Last week you saw a quilt on my desk that I was repairing. Many folks expressed interest, so I thought I’d share a few tips.
This quilt was made by the mother of a friend of mine. Her mom has since passed away and my friend wants to keep these quilts usable as long as possible. She was right in noting that with all the rips, tears and popped seams if she continued to use it, it would be beyond repair very soon.
The quilt was made of entirely machine pieced patchwork, and machine quilted with straight stitches. Since there was no intricate machine or hand quilting, and the batting was worn and patchy in many spots, I decided to remove all the quilting, separate the backing and batting from the top and add a completely new batting.
(If the quilting had been expertly done, or had sentimental value, I would not have done so, but would have preserved my friend’s mom’s work.)
The main things to repair on this quilt were all the popped seams. As I stopped counting at around 30 (I suspect there were over 100), this would have been an awful lot to repair by hand. Separating out the batting & backing and working on the top alone made this job easier.
There were many of these:
The principal thing to remember when repairing a seam is that the seams need to be sewn in the same order they were originally sewn. If I just tried to sew up the seam in the white fabrics, there would most likely be a pucker in the dark fabric.
Instead, you have to remove a portion of the crossing seam.
Now you can sew up the white squares, THEN resew the blue square, easing in any difference.
Once thing you’ll find helpful in working with all these small seams is to press the creases out of the seam allowances before sewing.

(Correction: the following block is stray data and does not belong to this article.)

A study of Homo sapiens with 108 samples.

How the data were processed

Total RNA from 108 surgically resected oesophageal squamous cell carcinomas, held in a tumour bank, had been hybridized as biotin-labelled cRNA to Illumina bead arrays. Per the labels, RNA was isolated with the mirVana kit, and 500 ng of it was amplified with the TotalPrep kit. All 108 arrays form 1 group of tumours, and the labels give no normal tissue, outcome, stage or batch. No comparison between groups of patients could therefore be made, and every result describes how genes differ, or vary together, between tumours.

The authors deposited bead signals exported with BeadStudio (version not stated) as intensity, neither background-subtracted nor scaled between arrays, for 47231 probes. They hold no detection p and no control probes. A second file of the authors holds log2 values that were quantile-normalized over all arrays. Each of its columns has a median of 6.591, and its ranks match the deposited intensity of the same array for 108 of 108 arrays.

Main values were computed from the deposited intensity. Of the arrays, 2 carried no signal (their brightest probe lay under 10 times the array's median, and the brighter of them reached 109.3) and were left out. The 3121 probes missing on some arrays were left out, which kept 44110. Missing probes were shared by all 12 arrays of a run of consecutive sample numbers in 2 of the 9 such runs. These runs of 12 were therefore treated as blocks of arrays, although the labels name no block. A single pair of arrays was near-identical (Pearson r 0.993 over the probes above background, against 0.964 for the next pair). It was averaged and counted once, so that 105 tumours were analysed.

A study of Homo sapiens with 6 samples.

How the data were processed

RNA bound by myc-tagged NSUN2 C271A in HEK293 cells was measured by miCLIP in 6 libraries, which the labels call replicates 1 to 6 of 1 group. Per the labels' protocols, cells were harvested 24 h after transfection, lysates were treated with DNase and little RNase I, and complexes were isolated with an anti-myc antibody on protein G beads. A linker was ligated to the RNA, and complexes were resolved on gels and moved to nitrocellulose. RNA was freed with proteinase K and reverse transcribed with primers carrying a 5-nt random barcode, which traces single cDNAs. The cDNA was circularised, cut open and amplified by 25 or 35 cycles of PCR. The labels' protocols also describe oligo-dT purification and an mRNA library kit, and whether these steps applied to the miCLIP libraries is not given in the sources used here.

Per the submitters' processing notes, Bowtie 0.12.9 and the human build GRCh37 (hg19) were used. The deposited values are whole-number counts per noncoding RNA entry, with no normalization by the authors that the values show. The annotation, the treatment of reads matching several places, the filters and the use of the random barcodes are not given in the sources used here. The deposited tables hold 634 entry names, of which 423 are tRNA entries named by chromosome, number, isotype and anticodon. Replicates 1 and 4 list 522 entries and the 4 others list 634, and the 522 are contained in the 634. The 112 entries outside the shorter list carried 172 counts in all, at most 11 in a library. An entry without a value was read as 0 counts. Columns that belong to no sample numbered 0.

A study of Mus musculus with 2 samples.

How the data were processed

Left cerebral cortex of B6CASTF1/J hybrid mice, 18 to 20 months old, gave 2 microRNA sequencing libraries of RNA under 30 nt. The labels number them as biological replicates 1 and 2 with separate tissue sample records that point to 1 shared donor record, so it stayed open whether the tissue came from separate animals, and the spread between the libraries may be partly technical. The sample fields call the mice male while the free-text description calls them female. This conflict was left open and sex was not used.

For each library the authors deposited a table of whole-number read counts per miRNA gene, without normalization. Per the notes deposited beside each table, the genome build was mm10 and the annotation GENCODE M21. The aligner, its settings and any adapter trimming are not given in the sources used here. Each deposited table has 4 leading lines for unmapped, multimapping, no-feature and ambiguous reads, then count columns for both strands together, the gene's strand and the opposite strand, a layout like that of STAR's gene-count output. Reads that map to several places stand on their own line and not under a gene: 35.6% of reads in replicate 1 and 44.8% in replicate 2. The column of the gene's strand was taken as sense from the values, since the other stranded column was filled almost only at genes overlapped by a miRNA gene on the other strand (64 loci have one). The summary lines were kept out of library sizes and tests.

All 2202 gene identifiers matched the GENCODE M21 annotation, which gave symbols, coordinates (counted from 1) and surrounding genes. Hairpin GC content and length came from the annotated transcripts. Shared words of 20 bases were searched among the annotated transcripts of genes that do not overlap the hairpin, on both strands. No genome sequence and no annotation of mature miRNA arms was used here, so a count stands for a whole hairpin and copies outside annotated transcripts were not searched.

To get smooth seams without bulges or bumps, make sure to remove plenty of the stitching before and after the repair to be made. If the fabric left for a seam allowance is scant you can take up a little extra, tapering in at the start and finish.
I found a few tears in the fabric and just stitched them up and press the area as flat as possible. There’s no way this quilt is going to lie perfectly flat, anyhow. Remember, we’re not going for perfection here, but preservation of memories.
I thought I was all done with the top repairs, but while ironing, I found many more places to fix. These were all marked with stickers to save me from having to hunt for them again.
Now it’s time to relayer the quilt with its new batting and redo the machine quilting. I’ll do it the same way the original maker did, with navy thread and straight lines. I am reusing the old backing and binding, so the outside appearance of the quilt will be much the same as it was, only better!
By the way, you might be interested to know that to get the quilt to this point has taken 17 hours, no small undertaking! I’m guessing that 80% of that time was spent ripping out stitching, and only 20% was doing the actual sewing.
The next quilt I’m repairing has hand quilting in it, so I won’t be removing the backing. This will involve a completely different process, which I’ll share when I get to it.